Stereotyping continues to be a persistent factor in evaluating individuals for new jobs, new assignments, promotions, and compensation – and this can cost companies money.
When the wrong people are given jobs or responsibilities based on unfounded assumptions about individuals based on their gender, ethnicity, or other demographic status, productivity decreases and top talent goes elsewhere. Companies lose their competitive edge.
Yet stereotyping is often done unconsciously, and despite decades of work around creating inclusive workplaces, it continues to influence decisions about who gets what job.
This is the dilemma a set of Harvard researchers approach in a new working paper published last month. The study, “When Performance Trumps Gender Bias: Joint Versus Separate Evaluation” [PDF], offers a simple solution to the problem, which should appeal to those interested in fairness as well as those interested in maximizing cost efficiency.
According to the researchers, engaging in joint performance reviews rather than individual ones causes managers to focus on past performance and behavior, rather than on stereotypical assumptions, and can offer a corrective to unconscious bias moving forward. Here’s how.
The researchers, Iris Bohnet, Alexandra van Geen, and Max H. Bazerman, suggest that joint performance evaluations cause researchers to rely on comparisons of individuals’ performance, rather than on “cognitive shortcuts” (stereotypical assumptions) about their abilities. They write, “Evaluators are more likely to focus on individual performance in joint than in separate evaluation and on group stereotypes in separate than in joint evaluation, making joint evaluation the money-maximizing evaluation procedure.”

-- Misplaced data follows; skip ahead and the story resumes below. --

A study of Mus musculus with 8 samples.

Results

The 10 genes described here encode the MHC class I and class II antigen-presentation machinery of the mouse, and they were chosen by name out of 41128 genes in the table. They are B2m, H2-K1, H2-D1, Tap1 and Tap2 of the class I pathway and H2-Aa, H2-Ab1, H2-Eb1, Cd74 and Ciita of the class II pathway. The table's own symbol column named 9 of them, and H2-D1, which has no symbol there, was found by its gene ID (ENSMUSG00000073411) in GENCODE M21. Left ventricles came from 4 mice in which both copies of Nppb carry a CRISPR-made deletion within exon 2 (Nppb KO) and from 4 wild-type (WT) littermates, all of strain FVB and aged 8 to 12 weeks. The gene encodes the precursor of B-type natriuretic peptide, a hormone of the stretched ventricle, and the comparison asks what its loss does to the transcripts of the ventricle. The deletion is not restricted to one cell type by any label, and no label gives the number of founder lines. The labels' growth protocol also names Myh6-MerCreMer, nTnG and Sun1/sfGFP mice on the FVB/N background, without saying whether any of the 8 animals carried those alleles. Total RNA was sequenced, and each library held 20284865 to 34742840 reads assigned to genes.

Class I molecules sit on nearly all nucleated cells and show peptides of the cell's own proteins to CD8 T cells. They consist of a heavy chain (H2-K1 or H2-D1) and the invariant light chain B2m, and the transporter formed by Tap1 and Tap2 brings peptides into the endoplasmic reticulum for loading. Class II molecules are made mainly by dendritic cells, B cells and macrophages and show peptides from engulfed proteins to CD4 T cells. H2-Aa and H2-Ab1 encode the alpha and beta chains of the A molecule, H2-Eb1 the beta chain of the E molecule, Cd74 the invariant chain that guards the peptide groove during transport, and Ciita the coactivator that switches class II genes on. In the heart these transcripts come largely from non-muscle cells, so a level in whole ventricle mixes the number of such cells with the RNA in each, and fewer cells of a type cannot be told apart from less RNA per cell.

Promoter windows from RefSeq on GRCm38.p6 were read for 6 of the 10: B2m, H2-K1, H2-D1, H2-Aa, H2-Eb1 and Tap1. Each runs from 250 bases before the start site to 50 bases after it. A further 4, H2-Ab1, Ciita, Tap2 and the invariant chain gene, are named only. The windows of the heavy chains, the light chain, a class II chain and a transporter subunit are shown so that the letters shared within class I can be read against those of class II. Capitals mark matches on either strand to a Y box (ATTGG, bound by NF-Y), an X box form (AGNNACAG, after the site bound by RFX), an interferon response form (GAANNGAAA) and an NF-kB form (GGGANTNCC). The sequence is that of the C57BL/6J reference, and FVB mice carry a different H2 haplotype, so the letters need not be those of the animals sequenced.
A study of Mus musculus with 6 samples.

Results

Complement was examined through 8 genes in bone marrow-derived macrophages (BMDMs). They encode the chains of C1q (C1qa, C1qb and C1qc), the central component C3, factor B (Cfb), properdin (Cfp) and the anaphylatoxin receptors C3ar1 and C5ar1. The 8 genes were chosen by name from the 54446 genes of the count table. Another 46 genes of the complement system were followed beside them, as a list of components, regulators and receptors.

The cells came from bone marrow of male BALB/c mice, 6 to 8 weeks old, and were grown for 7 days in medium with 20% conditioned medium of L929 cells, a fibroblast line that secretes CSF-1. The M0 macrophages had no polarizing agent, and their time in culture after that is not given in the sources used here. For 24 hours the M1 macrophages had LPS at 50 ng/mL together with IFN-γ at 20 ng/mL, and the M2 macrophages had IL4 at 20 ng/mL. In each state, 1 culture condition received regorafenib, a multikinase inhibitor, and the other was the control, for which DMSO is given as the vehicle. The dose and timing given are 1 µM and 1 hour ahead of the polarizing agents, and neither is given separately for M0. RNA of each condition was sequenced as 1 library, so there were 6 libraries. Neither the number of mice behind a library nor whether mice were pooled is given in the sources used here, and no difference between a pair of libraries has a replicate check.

The reason, they suggest, comes down to the science of decision making. They explain:
“A change in assessments depending on the evaluation mode is compatible with the System 1/System 2 distinction made in behavioral decision research where people have two distinct modes of thinking that are variously activated under certain conditions: the intuitive and automatic System 1 and the reflective and reasoned System 2…”
System 2 thinking can provide better, more informed decisions about individuals’ performance. It can be triggered by comparison. But it has another benefit. The researchers explain:
“While an information-based approach assumes more consciousness than an automatic switch between systems of thinking, it is also behavioral. It allows for evaluators to take into account irrelevant group characteristics that are not predictive of future behavior and then update their biased beliefs based on the new information received.”
Not only will do joint evaluations produce better, more reasoned evaluations of each individual’s performance, when managers engaged in the rational thinking state brought about by comparison, it can change their minds about stereotypes they might have employed in the future.
Improving Outcomes and Fairness
The researchers are careful to point out that benefits of joint performance evaluation should appeal to individuals motivated by different factors.
First of all, they say, joint evaluations level the playing field and engender fair decisions about promotion and development of key employees. Joint reviews also simply produce more accurate evaluations of employees’ abilities, which should benefit the company’s productivity. They explain:
“Organizations may seek to overcome biases in job assignment and promotion because they want to maximize economic returns. They may worry about the inaccuracy of stereotypes in predicting future productivity, or they may hold gender equality as a goal in itself. If so, they may be able to nudge evaluators toward taking individual performance information into account rather than gender stereotypes by introducing joint rather than separate evaluation procedures.”
The research shows how fairness and efficiency go hand in hand – by ensuring a level playing field, a company is better able to promote and retain top performing talent and maximize its returns. While this study focused on gender, because of the focus on behavioral decision systems, the joint evaluation method is likely to reduce the impact of other kinds of stereotypes as well. By accurately evaluating employees, companies can maximize their effectiveness of their workforce.